Archive for December, 2012


Saturday, December 29th, 2012

Josh Reeves  Sigmund Freud described dreams as a way of thinking.  That’s an interesting point when looking at the common assumption that dreams are a window into what we really think. 

We can perhaps apply Freud’s description as well to feeling, or moving.  They are ways of thinking, and in the same way thinking is a way of dreaming, a way of moving, and a way of feeling too.

  I don’t know about you, but when I look to my thinking to tell me how I feel, I get in the way of how I feel.  When I look at how I feel to tell me what I think, I get confused.   Of course all of the above stated uses of mind and heart are related, but each have a language of their own.  All transcribe this thing called spirit or consciousness via our uniqueness.

  Our dreams should not be investigated to see what they say about what we think or feel, but what about our consciousness they communicate.  What do our dreams have to tell us in their own unique way, about who we really are?

  I recall a dream I had several years ago.  I’m at a sports bar I attended regularly with some friends and in the dream the cocktail waitress began to talk with me.  At first the words were clear and crisp, easy to understand.  And then, as if I had been submerged in water, the words were being spoken, but I couldn’t hear them at all, from my mouth or hers.  The communication didn’t cease however.  It kept going.  I was aware of our energies exchanging…of feelings, and vibrations, and what we might call the “non-verbal” communing but loud and clear.   And then deeper still, as if our soul’s had been communing this whole time, having a very different conversation than the one being exposed with words.  At that point in the dream, the waitress showed me her checkbook.  It read, “The purpose of the living is the communication of the dead.”  Then I woke up.

  That meant something powerful in the dream.  As I think about it, I know I probably take meaning from it, but what it says to me is that communication happens at many different levels and from areas of ourselves we are not as aware of as others.

  Dreams, as a way of communicating within ourselves, have something powerful to say.  A dream, like a grand idea or realization, can be an epiphany that reveals and allows a part of ourselves to become, that wasn’t quite before.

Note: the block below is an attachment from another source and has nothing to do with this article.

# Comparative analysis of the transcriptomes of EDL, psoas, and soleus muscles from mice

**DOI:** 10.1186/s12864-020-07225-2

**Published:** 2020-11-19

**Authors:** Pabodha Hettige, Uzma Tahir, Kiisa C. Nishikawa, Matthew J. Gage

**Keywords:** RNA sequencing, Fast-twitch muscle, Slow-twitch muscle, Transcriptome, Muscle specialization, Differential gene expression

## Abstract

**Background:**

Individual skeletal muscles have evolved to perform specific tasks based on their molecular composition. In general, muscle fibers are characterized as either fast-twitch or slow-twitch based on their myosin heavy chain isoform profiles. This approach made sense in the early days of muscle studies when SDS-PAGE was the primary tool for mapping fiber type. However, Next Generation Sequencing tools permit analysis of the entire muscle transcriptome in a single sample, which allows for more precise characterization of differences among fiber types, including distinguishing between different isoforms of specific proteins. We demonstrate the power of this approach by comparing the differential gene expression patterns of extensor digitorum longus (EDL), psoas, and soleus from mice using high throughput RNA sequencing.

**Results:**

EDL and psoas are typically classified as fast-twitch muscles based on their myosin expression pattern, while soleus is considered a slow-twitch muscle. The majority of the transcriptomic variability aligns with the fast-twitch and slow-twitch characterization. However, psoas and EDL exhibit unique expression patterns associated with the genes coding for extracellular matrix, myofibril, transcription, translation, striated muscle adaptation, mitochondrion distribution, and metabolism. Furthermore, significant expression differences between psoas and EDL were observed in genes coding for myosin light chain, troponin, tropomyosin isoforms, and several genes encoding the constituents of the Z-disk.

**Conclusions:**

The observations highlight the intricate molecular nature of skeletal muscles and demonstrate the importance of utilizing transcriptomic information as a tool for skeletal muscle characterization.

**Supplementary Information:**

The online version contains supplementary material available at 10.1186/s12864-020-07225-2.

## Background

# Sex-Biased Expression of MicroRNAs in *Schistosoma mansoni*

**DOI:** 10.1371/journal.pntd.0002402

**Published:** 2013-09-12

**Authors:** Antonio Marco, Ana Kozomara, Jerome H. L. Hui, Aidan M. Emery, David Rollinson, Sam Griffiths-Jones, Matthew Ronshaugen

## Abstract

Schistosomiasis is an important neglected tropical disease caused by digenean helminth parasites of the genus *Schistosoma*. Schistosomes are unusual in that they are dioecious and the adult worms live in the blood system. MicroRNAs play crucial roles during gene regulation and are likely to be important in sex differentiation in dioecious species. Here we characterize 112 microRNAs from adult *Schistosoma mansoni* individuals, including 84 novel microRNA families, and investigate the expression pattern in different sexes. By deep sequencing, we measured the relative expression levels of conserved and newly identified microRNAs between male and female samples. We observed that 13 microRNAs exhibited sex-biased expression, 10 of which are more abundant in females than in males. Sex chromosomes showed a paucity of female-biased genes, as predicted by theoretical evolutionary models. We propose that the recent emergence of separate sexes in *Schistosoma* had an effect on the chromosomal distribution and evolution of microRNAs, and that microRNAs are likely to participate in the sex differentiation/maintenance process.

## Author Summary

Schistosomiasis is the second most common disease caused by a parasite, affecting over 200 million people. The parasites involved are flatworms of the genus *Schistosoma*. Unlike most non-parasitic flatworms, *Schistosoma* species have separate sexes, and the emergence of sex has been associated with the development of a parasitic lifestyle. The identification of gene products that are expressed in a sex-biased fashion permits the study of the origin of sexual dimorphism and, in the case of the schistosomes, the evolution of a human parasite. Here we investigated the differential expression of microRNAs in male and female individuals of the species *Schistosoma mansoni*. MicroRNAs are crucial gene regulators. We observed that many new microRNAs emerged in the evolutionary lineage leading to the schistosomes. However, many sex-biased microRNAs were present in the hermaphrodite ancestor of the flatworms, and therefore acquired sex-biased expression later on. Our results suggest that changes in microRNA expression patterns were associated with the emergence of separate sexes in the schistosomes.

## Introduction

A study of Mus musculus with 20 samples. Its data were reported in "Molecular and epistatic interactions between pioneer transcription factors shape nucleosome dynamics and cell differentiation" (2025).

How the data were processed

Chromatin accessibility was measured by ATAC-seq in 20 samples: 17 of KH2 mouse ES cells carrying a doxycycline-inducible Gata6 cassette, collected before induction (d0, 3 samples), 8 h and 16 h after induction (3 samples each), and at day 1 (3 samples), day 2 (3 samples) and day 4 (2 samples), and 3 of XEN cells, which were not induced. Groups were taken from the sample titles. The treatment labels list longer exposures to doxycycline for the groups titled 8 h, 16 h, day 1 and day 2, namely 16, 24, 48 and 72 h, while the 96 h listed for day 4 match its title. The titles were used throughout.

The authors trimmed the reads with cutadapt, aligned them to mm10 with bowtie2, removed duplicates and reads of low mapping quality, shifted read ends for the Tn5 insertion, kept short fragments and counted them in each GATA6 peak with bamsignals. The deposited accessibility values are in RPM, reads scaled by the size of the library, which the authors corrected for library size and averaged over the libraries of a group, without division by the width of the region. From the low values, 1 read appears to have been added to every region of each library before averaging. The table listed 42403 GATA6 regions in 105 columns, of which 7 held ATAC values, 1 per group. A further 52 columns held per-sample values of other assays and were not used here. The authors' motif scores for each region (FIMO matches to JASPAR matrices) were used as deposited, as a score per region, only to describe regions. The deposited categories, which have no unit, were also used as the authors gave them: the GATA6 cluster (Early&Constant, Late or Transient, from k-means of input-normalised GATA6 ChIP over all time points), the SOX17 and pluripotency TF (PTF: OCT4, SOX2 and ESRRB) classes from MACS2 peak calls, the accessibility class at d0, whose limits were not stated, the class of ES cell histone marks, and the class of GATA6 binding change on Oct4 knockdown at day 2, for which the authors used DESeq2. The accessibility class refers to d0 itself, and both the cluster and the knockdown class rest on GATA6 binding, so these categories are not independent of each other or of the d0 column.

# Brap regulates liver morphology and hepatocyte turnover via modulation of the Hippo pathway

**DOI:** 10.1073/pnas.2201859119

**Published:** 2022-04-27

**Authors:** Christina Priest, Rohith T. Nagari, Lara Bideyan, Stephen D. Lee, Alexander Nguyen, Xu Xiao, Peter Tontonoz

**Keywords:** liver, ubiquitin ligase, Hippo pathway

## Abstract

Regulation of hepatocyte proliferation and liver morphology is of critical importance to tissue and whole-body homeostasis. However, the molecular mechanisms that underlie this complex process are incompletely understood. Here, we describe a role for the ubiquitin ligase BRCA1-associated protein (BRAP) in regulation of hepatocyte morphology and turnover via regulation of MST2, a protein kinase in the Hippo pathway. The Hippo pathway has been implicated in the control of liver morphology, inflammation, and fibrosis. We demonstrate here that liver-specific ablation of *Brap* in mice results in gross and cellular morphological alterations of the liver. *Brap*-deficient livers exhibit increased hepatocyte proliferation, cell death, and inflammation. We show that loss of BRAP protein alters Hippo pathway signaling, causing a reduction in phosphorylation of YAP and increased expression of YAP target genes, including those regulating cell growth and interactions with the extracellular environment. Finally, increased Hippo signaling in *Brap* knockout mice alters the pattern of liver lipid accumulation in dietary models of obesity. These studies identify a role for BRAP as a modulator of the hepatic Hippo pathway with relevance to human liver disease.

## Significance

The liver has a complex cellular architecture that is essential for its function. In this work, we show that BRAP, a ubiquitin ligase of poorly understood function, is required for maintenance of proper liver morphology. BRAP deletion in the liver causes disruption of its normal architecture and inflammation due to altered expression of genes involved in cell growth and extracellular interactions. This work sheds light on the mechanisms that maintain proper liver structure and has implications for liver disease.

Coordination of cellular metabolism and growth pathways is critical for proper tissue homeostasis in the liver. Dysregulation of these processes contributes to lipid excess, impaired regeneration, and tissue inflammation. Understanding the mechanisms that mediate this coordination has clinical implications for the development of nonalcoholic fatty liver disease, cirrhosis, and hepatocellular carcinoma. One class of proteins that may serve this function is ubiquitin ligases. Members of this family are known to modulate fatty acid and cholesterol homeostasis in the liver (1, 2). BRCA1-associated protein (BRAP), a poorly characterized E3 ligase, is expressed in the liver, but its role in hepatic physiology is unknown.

Listening is Understanding

Thursday, December 6th, 2012

revjosh1.jpg  Fundamental to listening is understanding.  I would go so far to say that true listening isn’t hearing, it is understanding.  It is not remembering, it is not the number of times we utter “mhmm.”  Listening is understanding.

        Listening begins with a willingness to understand.  If you don’t approach it with that, you’re not listening.  You’re judging, or validating, or evaluating.  It is a good exercise after a conversation (cause if you did it during you wouldn’t be listening) to inquire where you were seeking to understand what was being shared and where you were evaluating what was being said in relation to what you assume.  How much were you listening to some one’s perspective versus a confirmation of your own?

        A good example is when we are faced with criticism from a partner?  “You know, I feel so disrespected when you are late from work and don’t tell me.”  Now if we are listening, what might we hear?  My partner feels neglected and that I’m not caring for her when I don’t call her when I’m going to be home late from work.

        What might we do instead with this information?  “How selfish you are not to appreciate how hard I work for us.”  “If I would have stopped to call you I would have just been home later.”

        What is misunderstanding?  It is not disagreement.  It is not listening.

Another example:  A friend says, “Obama and the Democrats are driving this country right off a cliff.”

        How do you respond?  “Well you know, the last republican administration squandered financial surplus, went to war without financial accountability greatly expanding our nation’s debt, and added huge new bureaucracies to the country.”

        You might be right, but would you be listening?  No.

        “Tell me more about what you mean by that?”

  It always upsets me when I hear anyone bring up that phrase “No religion or politics.”  “Bummer,” I think to myself,That’s all I ever want to talk about.”  Why are politics and religion off limits in so many social circles (especially apparently in churches and congress)?  I don’t think it is because religion or politics are really all that controversial, it is because we don’t listen well.  It is because of a deep insecurity that I might be wrong…or may not really know what my core beliefs are at all.

        The truth is, when it comes to the truth, we can become scared to listen.

        It might be easier to misconstrue feedback from my partner as an attack and affirmation that she doesn’t really love me then to have my comfortable view of the way things are threatened in any way.

        It might be easier to dismiss republicans or democrats as brain washed by religion or liberal media than to listen to how someone’s own principles are guiding them to beliefs that might be contrary to my own.

            Sakej Henderson said, “To truly listen is to risk being changed forever.”

        This speaks to the heart of listening.  Listening calls us to be vulnerable.  It is in a sense a form of surrender.  It involves a willingness to be changed.  The investment, however, offers a return. To in turn be truly witnessed.  To be understood and known.